Simplified: Voters will decide on a number of statewide races – including a constitutional amendment – during the June 7 primary. Here's a quick look at what you need to know and how to find what's on your ballot.
Why it matters
- Primary elections historically have lower turnout than general elections.
- But it's also the first chance voters have to choose who represents them both in Pierre and in Washington D.C.
- And, this is the only time Amendment C – explained more later on – will be on the ballot, so if that's an issue you care about, Tuesday's election is your only chance to weigh in.
What's on the ballot?
It depends both on where you live and how you're registered to vote.
- Where you live determines which legislative district you're a part of, which in turn determines which candidates you get to choose from.
- How you're registered (i.e. your party affiliation) determines what's on your ballot.
Republicans in the state will get a chance to choose their party's nominee for U.S. Senate and U.S. House as well as their nominee for South Dakota's governor.
- There are also a number of state House and Senate races in which Republicans will need to narrow the field ahead of the November general election.
Democrats, independents and third-party voters will have far fewer choices to make.
To find what's on your ballot
You'll want to go to the South Dakota Secretary of State website and use the "Voter Information Portal."
- Type in your first and last name, and either your birth date or zip code, and you'll be able to see a sample ballot before you get to the ballot box.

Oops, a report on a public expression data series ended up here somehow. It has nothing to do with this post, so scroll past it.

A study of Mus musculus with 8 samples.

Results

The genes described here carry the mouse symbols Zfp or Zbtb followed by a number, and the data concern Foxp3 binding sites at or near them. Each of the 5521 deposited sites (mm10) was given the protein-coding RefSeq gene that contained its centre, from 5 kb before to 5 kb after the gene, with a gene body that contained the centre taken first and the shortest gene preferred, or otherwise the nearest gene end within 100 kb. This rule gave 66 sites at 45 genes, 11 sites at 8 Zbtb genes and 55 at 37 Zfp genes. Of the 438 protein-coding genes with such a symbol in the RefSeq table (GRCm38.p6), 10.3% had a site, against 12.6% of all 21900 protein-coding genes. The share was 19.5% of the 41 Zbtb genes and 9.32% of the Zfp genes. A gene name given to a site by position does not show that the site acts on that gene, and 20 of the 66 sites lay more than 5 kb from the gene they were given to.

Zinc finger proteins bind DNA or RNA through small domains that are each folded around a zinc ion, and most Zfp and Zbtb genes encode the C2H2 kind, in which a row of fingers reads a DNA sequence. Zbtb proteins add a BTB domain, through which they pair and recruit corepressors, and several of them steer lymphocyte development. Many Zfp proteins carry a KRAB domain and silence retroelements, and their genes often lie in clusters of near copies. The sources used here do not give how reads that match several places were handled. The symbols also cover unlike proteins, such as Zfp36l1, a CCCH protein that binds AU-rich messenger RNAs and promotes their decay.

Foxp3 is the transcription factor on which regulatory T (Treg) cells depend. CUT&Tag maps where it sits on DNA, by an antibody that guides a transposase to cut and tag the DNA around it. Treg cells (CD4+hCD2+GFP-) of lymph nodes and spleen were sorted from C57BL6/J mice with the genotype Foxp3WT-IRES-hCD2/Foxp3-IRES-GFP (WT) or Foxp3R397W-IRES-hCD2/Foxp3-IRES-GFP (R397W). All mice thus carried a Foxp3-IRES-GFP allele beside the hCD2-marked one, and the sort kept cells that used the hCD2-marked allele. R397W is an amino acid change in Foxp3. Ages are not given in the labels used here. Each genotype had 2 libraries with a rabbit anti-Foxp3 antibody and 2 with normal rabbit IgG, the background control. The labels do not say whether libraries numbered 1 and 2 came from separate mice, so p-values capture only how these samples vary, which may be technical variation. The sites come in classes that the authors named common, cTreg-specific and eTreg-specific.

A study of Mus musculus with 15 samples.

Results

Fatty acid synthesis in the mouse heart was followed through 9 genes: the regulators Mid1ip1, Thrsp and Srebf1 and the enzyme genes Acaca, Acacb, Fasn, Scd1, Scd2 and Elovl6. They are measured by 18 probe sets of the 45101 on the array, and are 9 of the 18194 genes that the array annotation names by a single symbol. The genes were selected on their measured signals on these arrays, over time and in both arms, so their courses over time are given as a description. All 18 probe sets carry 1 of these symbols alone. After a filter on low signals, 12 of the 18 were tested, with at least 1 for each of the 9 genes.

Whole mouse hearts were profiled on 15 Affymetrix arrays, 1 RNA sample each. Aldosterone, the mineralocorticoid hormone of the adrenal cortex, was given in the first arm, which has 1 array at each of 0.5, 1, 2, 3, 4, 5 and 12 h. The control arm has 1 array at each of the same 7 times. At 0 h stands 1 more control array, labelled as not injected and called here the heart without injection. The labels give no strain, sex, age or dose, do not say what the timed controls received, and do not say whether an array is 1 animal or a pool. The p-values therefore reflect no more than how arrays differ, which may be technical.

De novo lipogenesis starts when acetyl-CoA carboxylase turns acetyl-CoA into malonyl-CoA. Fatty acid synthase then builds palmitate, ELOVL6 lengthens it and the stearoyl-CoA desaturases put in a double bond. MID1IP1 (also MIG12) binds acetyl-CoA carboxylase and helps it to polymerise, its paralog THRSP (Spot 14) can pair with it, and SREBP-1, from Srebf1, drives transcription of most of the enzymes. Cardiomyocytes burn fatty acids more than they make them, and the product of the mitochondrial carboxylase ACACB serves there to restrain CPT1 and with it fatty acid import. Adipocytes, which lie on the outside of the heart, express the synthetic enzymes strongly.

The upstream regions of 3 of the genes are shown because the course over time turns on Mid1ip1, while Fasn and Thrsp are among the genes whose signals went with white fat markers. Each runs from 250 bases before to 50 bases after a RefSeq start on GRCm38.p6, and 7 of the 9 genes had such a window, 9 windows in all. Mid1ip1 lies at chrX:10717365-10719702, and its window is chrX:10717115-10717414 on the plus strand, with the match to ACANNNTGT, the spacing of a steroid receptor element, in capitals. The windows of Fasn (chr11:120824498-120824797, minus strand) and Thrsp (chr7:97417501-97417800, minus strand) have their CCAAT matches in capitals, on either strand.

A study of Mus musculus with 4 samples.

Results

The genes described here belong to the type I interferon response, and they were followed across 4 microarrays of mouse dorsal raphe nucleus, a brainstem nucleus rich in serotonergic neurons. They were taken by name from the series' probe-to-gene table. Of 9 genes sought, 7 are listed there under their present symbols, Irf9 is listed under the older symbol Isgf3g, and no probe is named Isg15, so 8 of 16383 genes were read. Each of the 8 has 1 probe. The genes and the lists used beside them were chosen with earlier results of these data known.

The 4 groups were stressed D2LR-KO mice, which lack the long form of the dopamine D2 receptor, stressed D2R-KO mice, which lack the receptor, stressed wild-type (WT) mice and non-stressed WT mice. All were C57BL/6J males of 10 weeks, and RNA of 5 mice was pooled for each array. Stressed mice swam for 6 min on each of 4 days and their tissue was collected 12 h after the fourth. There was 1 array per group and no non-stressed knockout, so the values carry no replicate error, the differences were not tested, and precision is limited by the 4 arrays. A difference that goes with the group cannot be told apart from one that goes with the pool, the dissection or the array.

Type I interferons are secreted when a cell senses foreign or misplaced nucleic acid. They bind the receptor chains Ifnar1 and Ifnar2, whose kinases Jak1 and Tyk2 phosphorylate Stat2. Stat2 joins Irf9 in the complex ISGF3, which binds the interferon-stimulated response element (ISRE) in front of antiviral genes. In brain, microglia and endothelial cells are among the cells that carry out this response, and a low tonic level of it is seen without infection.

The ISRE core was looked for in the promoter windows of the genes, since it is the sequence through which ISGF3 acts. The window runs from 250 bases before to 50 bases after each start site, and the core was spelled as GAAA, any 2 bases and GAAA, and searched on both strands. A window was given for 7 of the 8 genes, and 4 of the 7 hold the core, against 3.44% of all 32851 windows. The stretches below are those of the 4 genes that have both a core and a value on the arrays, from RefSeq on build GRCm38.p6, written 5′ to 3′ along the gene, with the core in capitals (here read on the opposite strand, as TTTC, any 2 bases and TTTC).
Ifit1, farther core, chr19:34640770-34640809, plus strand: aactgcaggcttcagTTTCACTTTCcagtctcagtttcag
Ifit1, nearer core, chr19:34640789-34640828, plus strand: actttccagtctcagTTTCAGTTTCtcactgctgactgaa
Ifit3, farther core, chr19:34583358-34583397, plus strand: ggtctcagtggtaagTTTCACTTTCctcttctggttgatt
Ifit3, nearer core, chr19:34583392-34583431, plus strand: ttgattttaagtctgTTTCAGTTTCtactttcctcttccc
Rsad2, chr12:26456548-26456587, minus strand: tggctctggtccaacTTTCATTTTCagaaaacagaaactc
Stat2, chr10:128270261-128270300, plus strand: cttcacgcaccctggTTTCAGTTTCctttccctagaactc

- That'll also tell you where to vote on Election Day.
Why does party affiliation make a difference here?
The ballots between Republicans and other parties look very different because of the rules each party has when it comes to primaries.
Republicans in South Dakota have what's called a "closed primary," which means only registered Republicans can vote for Republican candidates.
Democrats in the state have a slightly different approach by allowing independents and third party voters – in addition to registered Democrats – to also vote in those races.
- Because not many districts in the Sioux Falls area (District 11 being the exception) have a Democratic run-off in the primary, most Democratic and third-party voters will only have one item on the ballot: Amendment C.
So, what's Amendment C?
It's a measure that would raise the threshold of votes needed to pass future proposed amendments, initiated measures or referred measures when those measures have the potential to include a tax increase.
A yes vote changes the state constitution and requires 60 percent of voters to pass.
A no vote keeps the constitution as-is, in which voters can pass initiated measures, amendments and referred measures by a simple majority.
If you really want to dig deep into this one, Jonathan Ellis with the Argus Leader has some great coverage here.
What else do I need to know?
Election Day is Tuesday, June 7. The polls are open 7 a.m. to 7 p.m.